How To: Make NXT – PF Cables


By on March 26, 2011

This guide will tell you how to create your own Lego Mindstorms NXT to Lego Power Functions cable, to control any PF motor or light, how to program it, and what you can do with it.

What you’ll need:

  • An expendable regular NXT cable
  • An expendable PF (could be an extension cord, light, motor of XL motor)
  • Soldering equipment
  • Insulation wire
  • Some very basic electricity knowledge
  • If under 18: permission from parent/ guardian to solder, and cut your NXT/ PF wires

Steps

  1. Get a good workspace set up; make sure you’re either outside or keep some windows open (solder is toxic); also lay something on your table to catch falling solder.
  2. Cut the NXT and PF cables in half, keeping about 5 cm (2 inches) of wire on both.
  3. Strip both wires down to the copper; for the NXT cable, cut off the blue, yellow, green and red wires; strip the black and white ones.
    NXT to PF illustration 1
  4. Connect one of the middle two PF wires to the white NXT wire (it doesn’t really matter which one; if you’re making multiple cables, though, keep┬áconsistent), and connect the other one to the black wire.
    NXT to PF illustration 2
  5. Solder these connections and individually insulate them so they’ll never be able to touch each other.
  6. Twist the wires together and insulate the whole thing to complete your cable, you can heat shrink it if you have the means to.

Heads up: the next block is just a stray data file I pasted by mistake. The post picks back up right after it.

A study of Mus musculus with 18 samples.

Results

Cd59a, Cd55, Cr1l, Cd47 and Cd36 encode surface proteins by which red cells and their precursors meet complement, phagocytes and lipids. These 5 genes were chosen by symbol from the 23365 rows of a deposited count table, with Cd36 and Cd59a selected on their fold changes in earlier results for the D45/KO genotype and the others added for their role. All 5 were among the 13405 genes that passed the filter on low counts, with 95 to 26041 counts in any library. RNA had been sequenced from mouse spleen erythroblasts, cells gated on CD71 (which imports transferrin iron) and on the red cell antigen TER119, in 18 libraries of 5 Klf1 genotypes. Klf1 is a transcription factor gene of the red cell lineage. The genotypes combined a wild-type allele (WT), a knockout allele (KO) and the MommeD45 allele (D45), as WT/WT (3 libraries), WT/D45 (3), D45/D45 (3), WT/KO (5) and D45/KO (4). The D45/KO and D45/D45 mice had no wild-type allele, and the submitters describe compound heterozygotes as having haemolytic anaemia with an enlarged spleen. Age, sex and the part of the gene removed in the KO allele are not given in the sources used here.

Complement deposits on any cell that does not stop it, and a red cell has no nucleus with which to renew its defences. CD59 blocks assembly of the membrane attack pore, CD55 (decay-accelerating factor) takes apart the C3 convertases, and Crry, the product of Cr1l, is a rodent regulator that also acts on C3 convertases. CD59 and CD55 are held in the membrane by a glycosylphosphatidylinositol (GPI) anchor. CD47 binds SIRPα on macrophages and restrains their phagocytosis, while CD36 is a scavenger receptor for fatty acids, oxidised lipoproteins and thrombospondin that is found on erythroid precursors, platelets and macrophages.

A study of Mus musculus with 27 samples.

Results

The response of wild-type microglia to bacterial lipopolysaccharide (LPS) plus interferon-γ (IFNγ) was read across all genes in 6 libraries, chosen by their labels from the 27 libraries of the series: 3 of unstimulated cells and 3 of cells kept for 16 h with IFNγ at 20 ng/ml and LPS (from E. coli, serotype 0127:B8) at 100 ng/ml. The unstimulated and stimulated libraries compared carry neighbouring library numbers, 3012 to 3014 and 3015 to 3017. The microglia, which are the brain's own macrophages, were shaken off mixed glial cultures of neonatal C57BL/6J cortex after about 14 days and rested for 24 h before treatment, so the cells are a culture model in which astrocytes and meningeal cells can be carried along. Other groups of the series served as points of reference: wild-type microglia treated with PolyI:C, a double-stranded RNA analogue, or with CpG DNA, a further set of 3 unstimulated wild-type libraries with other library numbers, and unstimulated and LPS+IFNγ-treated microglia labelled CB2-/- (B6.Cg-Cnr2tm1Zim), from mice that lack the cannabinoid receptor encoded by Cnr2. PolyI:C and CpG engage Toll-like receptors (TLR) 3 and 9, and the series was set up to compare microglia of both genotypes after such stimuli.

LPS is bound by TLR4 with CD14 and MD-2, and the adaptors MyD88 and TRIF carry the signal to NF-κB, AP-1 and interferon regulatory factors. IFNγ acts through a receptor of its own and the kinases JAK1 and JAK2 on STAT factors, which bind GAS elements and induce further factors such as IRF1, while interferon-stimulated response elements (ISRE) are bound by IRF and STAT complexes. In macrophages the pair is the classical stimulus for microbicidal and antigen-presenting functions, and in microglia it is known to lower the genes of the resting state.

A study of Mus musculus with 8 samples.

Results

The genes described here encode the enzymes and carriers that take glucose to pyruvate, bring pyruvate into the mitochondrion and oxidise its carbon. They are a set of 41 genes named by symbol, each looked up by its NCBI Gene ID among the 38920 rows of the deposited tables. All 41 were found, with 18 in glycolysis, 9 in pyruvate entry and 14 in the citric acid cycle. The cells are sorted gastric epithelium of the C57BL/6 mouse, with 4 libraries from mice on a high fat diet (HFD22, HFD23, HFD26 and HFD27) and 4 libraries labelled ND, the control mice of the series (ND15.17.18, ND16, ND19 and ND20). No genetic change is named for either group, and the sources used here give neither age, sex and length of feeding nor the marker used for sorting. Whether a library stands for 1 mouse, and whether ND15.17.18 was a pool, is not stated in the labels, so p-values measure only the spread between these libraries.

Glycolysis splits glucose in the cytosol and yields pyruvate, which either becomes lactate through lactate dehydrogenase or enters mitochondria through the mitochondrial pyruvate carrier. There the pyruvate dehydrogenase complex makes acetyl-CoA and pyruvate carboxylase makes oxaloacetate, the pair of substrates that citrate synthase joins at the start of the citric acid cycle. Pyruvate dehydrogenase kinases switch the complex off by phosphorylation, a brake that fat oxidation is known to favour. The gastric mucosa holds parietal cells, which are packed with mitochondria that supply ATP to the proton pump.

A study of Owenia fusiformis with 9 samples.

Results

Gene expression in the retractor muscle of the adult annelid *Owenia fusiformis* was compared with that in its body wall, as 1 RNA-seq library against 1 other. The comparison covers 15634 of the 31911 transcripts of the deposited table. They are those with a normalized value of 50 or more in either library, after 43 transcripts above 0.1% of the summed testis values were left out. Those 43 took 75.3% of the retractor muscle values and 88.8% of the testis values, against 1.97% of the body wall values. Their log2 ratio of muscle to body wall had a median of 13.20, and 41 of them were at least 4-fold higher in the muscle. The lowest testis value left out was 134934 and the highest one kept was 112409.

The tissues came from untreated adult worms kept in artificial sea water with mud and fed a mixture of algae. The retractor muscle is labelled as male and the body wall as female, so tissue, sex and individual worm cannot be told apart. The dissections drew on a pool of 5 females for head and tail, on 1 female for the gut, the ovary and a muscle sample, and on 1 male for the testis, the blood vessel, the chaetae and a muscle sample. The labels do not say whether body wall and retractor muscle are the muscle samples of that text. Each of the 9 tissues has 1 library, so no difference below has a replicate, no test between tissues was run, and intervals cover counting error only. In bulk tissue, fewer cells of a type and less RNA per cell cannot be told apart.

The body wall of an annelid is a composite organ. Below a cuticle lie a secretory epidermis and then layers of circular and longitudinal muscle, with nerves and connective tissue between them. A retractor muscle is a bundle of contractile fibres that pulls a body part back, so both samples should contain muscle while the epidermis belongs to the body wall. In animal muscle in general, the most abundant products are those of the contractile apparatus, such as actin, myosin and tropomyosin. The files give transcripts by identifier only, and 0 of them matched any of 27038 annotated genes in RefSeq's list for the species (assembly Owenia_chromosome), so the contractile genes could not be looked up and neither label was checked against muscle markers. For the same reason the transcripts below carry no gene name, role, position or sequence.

NXT to PF illustration 4

Programming

Since both the Lego power functions and Mindstorms NXT work on 9v (6 AA batteries), programming them together isn’t very difficult. All you need to do is use a regular motor function (or motor block in NXT-G) to send power through one of the three possible ports (this won’t work with sensor input ports). One very important thing, though, is to turn off the built in motor PID control, because the program doesn’t get any feedback from the PF it’s controlling. So, it’ll always turn the power to 100 to compromise the speed it doesn’t think it has.

So this (RobotC code)…

task main(){
  int waitMSecs = 50;
  nMotorPIDSpeedCtrl[motorA] = mtrNoReg;
  nMotorPIDSpeedCtrl[motorB] = mtrNoReg;
  nMotorPIDSpeedCtrl[motorC] = mtrNoReg;
  motor[motorB] = 25;
  motor[motorC] = 50;
  while(true){
    motor[motorA] = 0;
    wait1Msec(waitMSecs);
    motor[motorA] = 100;
    wait1Msec(waitMSecs);
  }
}

… would make the PF function connected to…

  • Port A: flicker on and off every 50 mSecs.
  • Port B: turn on to 25% of the maximum power.
  • Port C: turn on to 50% of the maximum power.

So, now you’re able to connect ANY Lego power function straight to you’re NXT, and, without any difficult programming, control it straight from there very accurately, with the possibility to use timers, loops, reverse power, dimming and much more!